The AIDS Committee of Durham Region (ACDR) is holding a regional conference at the end of November.
The conference, running from Nov 27 to 29, will address the efforts of the ACDR to expand its work among the growing Spanish-speaking and migrant populations in the area. It will also explore the work the ACDR is doing with AIDS service organizations in Mexico and Costa Rica.
“The major theme for me is tying together local and global issues across borders and boundaries,” says Tiff Idems, the ACDR’s health promotions coordinator. “A lot of high-risk people who are calling us, who are not getting access to healthcare, are Spanish-speaking. There’s a lot of migrant workers from Mexico who come for the summer growing season and harvest.”
Idems says the ACDR is also working with Comusida, an AIDS service organization in Puerto Vallarta, Mexico and with Humanitas, an organization in Costa Rica.
Irania Ledesma, the ACDR’s twinning project coordinator, says the Durham organization has been working with Comusida since 2004 and Humanitas was added this year.
“The main goal is for those organizations to increase their skills, especially in financial planning development,” says Ledesma. “We exchange information, make exchange visits. Next year we’ll be participating in the International AIDS Conference in Mexico City discussing the facts of HIV in [Mexican and Costa Rican] cities.”
Ledesma says the issue of the growing Spanish-speaking population in Durham region makes the issue even more pressing.
“Only this year we’ve started looking into helping migrant workers not only with HIV but with advocacy in other areas such as getting English as a second language class,” says Ledesma.
“We’re also getting involved with the Hispanic population in Durham region, people who are coming to live permanently, either as immigrants or refugees.”
Idems says the ACDR is working with the Mexican and Costa Rican groups to develop a public marketing campaign in both Spanish and English which will be used in all three countries.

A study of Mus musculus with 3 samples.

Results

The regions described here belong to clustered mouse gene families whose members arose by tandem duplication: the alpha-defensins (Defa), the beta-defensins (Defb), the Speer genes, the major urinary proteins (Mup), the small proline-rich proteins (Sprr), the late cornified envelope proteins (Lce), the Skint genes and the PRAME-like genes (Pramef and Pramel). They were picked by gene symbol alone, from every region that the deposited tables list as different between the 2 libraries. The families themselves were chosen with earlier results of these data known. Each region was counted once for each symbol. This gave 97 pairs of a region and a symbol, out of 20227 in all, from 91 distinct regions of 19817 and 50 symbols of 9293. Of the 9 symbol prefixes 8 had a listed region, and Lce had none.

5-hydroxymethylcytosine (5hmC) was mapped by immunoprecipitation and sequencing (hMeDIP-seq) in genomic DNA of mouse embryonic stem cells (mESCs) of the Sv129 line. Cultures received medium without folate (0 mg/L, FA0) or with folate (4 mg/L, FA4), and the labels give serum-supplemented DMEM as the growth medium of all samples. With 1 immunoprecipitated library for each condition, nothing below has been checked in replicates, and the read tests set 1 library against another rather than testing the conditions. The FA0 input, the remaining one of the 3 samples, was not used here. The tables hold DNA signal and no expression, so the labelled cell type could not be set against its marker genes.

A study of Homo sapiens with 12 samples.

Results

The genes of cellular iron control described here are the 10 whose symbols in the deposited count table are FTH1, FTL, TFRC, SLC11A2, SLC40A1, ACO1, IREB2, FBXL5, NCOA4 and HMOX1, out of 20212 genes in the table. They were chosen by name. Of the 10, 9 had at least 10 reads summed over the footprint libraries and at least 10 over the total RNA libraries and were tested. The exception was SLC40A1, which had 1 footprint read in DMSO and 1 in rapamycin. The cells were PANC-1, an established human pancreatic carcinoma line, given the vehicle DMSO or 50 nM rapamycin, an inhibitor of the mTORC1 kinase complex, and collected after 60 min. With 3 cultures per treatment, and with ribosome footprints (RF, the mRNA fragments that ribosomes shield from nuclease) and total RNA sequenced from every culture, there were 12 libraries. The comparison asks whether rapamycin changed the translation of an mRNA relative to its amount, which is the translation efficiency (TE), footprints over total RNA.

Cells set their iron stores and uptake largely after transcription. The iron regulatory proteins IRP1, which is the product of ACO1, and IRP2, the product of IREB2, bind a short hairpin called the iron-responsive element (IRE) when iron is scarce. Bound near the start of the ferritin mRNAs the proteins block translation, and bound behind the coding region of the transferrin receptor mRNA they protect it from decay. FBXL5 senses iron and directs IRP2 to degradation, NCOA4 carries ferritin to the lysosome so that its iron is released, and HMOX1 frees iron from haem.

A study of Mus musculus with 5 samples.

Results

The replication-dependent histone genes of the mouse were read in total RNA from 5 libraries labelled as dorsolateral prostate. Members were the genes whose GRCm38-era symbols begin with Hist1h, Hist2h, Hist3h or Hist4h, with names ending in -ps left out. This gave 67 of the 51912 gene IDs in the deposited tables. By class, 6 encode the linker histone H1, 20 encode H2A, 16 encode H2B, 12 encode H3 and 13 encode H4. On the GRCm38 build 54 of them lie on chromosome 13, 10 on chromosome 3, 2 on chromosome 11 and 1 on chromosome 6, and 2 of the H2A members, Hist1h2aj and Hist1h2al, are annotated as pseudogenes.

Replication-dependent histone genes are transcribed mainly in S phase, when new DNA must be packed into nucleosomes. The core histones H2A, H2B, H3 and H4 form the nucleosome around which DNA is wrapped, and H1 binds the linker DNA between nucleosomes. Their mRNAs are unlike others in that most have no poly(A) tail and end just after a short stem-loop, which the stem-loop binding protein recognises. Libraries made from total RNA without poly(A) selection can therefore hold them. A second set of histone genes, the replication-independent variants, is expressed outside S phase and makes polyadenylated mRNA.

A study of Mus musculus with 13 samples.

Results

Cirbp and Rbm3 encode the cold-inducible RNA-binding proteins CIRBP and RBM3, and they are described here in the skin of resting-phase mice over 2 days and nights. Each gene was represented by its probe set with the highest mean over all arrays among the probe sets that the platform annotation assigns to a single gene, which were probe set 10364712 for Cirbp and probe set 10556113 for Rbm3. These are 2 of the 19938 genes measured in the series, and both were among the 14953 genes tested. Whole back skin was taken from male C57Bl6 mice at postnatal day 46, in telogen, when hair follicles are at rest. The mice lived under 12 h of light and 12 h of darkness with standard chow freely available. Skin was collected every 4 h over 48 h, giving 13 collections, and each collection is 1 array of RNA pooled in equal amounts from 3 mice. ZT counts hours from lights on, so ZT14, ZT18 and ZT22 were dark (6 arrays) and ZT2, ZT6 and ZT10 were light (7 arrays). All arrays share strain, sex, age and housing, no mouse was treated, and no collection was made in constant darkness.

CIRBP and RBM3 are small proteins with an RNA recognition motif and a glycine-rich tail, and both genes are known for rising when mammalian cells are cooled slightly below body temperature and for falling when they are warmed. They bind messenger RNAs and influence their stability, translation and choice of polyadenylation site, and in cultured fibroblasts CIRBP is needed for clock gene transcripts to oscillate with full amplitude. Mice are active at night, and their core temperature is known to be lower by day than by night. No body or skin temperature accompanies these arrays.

During the conference the ACDR will also hold a fundraising dinner and dance called Fiesta Latina. The proceeds from the fundraiser will go to the ACDR’s twin organizations in Mexico and Costa Rica.
Idems says the conference will also look closely at the issue of criminal nondisclosure of HIV and the growing number of HIV-positive people who are being prosecuted for infecting their partners. Idems says that forcing people to always disclose their HIV status can drive them underground and can put them in danger.
“We want the community to understand the issues around disclosure, how it can put people at risk of emotional and physical violence,” says Idems. “The media has been really instrumental in singling out people living with HIV as vectors of HIV transmission.”
Peter Richtig, ACDR executive director, says having police and the courts take the lead on the issue is misguided.
“We see this as a public health issue, not a criminal issue.”
Idems says everybody has to know how to protect themselves.
“We want people to take responsibility for their own safety when it comes to safe sex,” says Idems.
Richtig says that educating young people about the realities of infection is a major part of that.
“We need to raise awareness of AIDS in this country again to get people’s attention,” says Richtig. “When we go into schools, students think it doesn’t matter if you get infected, you can just take a pill.”
Idems says the ACDR has partnered with the Law Foundation of Ontario — a nonprofit organization operated jointly by the provincial attorney general and the Law Society of Upper Canada which engages in legal education and research — which shares concerns about criminal disclosure. The Foundation is providing funding for people with HIV or AIDS to attend the conference, something Idems says is critically important for the conference to succeed.
“Throughout the conference as many of the speakers as possible are people with HIV, using their own voices, speaking on their own behalf,” says Idems.
The conference will be held at the Carruthers Creek Golf and Country Club in Ajax. Idems admits that it’s not a location one would normally associate with an AIDS conference.
“It’s bizarre, but it’s the space we could afford,” says Richtig. “There aren’t a lot of spaces that have the capacity to provide space and breakfast.”
Idems says the ACDR was hoping for 150 to 200 attendees. So far, she says, about 100 have registered. Deadline for registration is Nov 16, although Idems says there is some flexibility for latecomers.
The conference is being funded by the Ontario Ministry of Health’s AIDS Bureau, which has provided $5,000, and by various pharmaceutical companies, several of which are also sponsoring medical speakers.